Wednesday, 19 December 2012
Who Ate all the Mince Pies?
I keep eating the Christmas snacks.
Then replacing them.
Then eating them again.
Ritz, Dry Roasted, Matchmakers. Working up the echelons of a festive Rocher pyramid, to the ultimate party favourite - Pringles.
It’s been going on since November.
“That’s Christmas sorted,” I crowed, scoffing at all the suckers who would be running around on December 24.
The Christmas shop heralds great excitement in our household, as I come bearing lavish goodies.
Our cupboards are usually sparse and the kids think it's a treat when we splurge on a multipack of Quavers or Chocolate Animals. So imagine their delight when not one, but two pipes, of Pringles arrive?
It’s like Christmas.
Their little faces pressed up against the supplies in the Coshida emblazoned cardboard box from Lidl, as I steer them away from the precious things.
“Why don’t you have one of those wafer thin own brand Rich Tea biscuits, Poor Cuppa, instead?” I suggest.
But it’s double standards. As they sleep, I delve in for just a bite or a nibble.
Soon it’s woman vs. food. A foot long Yorkie, a plastic Christmas tree filled with Twiglets, a keg of mulled wine. Can she do it?
My fatted calves are slumped beside an empty box, with chocolate smeared around my mouth, like a contestant on The Biggest Loser.
I’m like Dan Aykroyd’s bad Santa in Trading Places, gorging on party food and booze and shoving a whole salmon down his suit. Only I’m a vegetarian and I don‘t have any facial hair, yet.
Nothing is sacred. I move on to presents.
Nan’s biscuits, the home-made Christmas cake, my aunt gave us, kid’s selection boxes, all ripped open.
Sorry teacher, but your pressie is a now a tin full of wrappers and strawberry creams. Thank-you very much.
Not only is it expensive, but it‘s greedy. It’s also playing havoc with my waistline. I’ll have to buy some of those trousers/lounge pants that look like pyjamas. Sod it, I will simply wear my PJS and hope I don‘t get barred from Tesco.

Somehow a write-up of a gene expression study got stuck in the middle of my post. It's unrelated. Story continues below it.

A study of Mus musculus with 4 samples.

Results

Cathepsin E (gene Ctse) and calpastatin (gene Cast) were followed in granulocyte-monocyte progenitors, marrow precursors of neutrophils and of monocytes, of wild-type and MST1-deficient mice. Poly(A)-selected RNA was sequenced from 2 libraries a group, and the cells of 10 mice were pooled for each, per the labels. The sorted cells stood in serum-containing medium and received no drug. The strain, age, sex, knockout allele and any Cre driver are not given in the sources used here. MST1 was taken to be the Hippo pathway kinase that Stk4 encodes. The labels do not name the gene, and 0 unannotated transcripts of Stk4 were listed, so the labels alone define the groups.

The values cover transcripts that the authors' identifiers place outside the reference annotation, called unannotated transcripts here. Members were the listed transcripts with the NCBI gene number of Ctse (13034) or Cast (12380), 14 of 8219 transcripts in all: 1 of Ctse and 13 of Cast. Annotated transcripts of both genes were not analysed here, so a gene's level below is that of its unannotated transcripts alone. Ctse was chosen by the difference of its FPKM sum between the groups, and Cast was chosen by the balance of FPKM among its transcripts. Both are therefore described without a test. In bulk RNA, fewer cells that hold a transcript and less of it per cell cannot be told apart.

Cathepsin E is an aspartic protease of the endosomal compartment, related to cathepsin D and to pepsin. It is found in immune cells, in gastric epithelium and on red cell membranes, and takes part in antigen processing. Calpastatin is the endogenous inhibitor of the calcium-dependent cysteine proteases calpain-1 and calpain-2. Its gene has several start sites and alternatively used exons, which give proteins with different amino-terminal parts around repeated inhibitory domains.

Replenishing supplies is like Groundhog day.
While Bill Murray may have mastered the piano, I’ve barely learnt to operate the self service checkout, without either being asked if I am old enough to buy booze, or triggering a repetitive alarm that alerts the whole store that there is an unexpected item in the bagging area.
Yeh, it’s called a re-usable shopper, as I reassure a spotty security guard that I haven‘t got a load of Semtex stashed underneath the After Eights.
I need to buy some cartoon style combination locks or hide the food in garage, on top of the ancient exercise bike that measures in hectares.
Or go last minute shopping at midnight on Christmas Eve. Emptying shelves of catering sized portions, like I‘m preparing for a nuclear winter.
As a child, I thought that Where the Wind Blows was the sequel to The Snowman.
"Look how Briggs captures the magic, with those snow flakes," I thought, as the radioactive cinders danced bleakly across the screen.
I’ll stick to the Polar Express this year.
Christmas is coming and I am getting fat. My wallet is getting thinner and the supermarkets are getting richer. People are starving, and we are feasting like kings.
Hopefully, I’ll be all Pringled out by next week. But I can’t stop, because I will actually pop.
Dammit, who’s scoffed all the purple Quality Streets?